Europe progresses with risk assessment for 5G

News

Most European Union (EU) member states – 24 out of 28 – have completed their 5G national risk assessments, the European Commission says.

The member states’ assessments will feed into an EU-wide risk assessment which will be completed by 1 October.

Julian King, Commissioner for the Security Union, and Mariya Gabriel, Commissioner for the Digital Economy and Society, issued a joint statement, saying, “The national risk assessments are essential to make sure that member states are adequately prepared for the deployment of the next generation of wireless connectivity that will soon form the backbone of our societies and economies.

“Close EU-wide cooperation is essential both for achieving strong cybersecurity and for reaping the full benefits, which 5G will have to offer for people and businesses.”

Common framework

King and Gabriel urged member states to use the outcomes from the risk assessments to inform 5G spectrum auction processes and 5G network deployment.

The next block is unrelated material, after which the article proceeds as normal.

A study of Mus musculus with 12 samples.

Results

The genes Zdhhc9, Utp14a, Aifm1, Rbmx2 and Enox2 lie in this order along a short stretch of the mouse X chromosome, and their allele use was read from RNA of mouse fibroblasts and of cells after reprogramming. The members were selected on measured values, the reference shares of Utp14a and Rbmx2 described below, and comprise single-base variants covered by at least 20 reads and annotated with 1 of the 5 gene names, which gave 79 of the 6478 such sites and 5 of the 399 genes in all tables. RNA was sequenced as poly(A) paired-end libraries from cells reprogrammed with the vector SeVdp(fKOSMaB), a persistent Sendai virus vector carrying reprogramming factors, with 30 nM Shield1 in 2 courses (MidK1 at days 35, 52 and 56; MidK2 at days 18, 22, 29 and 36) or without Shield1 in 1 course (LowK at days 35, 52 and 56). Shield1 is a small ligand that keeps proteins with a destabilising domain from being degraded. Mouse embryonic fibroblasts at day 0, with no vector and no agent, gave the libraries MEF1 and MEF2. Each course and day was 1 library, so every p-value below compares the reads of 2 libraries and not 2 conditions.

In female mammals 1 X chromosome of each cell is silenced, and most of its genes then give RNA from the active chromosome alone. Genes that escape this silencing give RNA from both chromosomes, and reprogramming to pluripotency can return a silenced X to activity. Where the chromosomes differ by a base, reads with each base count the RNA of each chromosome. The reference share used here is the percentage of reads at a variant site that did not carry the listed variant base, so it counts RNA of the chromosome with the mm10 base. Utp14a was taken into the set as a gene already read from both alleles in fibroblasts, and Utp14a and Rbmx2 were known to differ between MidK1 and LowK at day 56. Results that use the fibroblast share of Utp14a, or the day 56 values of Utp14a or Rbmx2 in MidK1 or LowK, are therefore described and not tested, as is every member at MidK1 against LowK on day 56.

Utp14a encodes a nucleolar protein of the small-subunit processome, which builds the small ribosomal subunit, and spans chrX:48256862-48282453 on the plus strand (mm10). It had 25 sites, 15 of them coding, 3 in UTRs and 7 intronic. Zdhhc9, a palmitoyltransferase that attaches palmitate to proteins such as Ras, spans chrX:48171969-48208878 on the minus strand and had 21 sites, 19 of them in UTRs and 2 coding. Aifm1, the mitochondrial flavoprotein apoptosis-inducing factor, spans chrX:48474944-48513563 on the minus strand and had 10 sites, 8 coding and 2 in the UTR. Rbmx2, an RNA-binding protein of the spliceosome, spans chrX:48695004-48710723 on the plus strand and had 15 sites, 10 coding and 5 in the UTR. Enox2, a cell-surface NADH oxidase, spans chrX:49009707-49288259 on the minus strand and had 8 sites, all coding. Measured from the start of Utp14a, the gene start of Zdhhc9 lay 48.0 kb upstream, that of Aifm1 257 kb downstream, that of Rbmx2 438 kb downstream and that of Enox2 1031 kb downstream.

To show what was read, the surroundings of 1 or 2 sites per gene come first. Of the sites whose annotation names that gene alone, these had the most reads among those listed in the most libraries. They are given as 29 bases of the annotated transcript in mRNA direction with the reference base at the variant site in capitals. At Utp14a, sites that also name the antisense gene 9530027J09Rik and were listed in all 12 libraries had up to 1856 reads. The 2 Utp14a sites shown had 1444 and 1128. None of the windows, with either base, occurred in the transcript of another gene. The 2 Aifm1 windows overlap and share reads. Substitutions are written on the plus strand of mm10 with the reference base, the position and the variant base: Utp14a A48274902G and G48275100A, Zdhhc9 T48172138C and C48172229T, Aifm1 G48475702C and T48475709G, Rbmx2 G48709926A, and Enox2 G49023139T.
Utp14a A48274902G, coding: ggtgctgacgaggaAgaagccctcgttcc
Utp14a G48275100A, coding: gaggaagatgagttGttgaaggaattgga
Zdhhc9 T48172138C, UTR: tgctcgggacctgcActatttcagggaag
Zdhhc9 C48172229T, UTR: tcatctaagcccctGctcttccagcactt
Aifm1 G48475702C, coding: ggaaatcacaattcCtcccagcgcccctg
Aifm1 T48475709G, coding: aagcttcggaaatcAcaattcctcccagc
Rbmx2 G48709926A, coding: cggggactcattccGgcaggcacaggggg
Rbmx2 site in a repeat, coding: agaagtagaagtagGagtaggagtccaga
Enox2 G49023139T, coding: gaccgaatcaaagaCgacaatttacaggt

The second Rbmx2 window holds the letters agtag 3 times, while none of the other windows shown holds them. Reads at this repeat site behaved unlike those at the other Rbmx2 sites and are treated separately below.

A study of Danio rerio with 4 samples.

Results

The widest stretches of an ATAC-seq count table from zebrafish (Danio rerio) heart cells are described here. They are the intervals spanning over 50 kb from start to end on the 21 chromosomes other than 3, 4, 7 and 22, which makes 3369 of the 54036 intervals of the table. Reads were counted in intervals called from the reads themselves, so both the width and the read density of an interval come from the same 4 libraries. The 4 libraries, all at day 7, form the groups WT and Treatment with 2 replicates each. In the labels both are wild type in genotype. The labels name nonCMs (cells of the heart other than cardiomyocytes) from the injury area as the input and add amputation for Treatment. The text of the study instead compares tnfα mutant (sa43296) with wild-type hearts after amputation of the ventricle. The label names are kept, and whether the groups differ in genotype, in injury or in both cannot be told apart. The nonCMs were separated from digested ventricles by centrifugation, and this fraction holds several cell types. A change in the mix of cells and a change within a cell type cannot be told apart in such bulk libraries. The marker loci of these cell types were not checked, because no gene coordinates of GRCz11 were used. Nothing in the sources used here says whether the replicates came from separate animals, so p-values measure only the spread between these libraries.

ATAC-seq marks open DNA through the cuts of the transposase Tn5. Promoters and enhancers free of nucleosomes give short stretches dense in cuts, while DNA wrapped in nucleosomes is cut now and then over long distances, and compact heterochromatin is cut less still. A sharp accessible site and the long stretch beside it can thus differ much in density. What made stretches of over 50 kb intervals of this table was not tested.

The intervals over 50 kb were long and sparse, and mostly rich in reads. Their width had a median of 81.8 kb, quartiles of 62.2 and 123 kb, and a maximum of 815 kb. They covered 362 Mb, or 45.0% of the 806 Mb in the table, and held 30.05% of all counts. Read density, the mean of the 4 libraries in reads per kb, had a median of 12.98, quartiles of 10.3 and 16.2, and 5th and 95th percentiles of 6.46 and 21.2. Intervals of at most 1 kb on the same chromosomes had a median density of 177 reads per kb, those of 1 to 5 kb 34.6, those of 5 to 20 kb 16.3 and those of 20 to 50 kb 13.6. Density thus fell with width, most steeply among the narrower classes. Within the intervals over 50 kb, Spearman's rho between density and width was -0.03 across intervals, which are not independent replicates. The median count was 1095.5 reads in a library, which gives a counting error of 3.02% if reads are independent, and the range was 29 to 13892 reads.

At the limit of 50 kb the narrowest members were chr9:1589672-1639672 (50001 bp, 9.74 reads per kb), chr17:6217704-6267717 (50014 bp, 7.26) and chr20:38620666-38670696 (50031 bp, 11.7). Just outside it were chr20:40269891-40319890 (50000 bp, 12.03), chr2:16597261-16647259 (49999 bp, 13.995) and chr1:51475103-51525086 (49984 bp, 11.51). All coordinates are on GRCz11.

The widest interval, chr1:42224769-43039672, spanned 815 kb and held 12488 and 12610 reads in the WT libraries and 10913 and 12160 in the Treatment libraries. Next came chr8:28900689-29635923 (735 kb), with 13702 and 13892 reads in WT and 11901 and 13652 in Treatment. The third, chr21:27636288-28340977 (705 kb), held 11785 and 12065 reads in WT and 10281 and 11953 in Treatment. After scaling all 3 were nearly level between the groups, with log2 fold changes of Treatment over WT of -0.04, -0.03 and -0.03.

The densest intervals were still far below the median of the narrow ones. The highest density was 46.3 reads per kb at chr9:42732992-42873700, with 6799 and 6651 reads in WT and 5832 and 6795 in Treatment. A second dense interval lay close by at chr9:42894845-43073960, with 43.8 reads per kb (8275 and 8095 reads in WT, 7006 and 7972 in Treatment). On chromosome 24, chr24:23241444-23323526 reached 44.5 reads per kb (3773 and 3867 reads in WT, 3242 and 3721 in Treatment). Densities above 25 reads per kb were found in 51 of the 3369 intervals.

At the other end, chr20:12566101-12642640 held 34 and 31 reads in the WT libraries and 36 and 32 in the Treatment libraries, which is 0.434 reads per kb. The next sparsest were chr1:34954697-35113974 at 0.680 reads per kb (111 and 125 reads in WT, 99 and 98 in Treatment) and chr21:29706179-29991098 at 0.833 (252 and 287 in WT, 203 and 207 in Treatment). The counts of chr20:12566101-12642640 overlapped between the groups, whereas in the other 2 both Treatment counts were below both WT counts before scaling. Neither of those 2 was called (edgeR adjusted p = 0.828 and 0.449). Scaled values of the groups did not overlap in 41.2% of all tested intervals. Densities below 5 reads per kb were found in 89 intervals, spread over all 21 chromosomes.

Their statement noted, “We need all key players, big and small, to accelerate their efforts and join us in building a common framework aimed at ensuring consistently high levels of security.”

National risk assessments include an overview of:
•    the main threats and actors affecting 5G networks
•    the degree of sensitivity of 5G network components and functions as well as other assets; and
•    various types of technical and non-technical vulnerabilities, including those potentially arising from the 5G supply chain.

Next steps

Based on the information received through the national reports, member states, together with the Commission and the EU Agency for Cybersecurity (ENISA), will prepare a coordinated EU-wide risk assessment by 1 October. ENISA is analysing the 5G threat landscape in parallel as an additional input.

By 31 December 2019, the NIS Cooperation Group, which leads the cooperation efforts together with the Commission, will outline a toolbox of mitigating measures to address the risks identified.

By 1 October 2020, member states will need to evaluate the effects of measures implemented to assess whether further intervention is required.

After the implementation of the Cybersecurity Act last month, Commission and the EU Agency for Cybersecurity will set up an EU-wide certification framework covering 5G networks and equipment.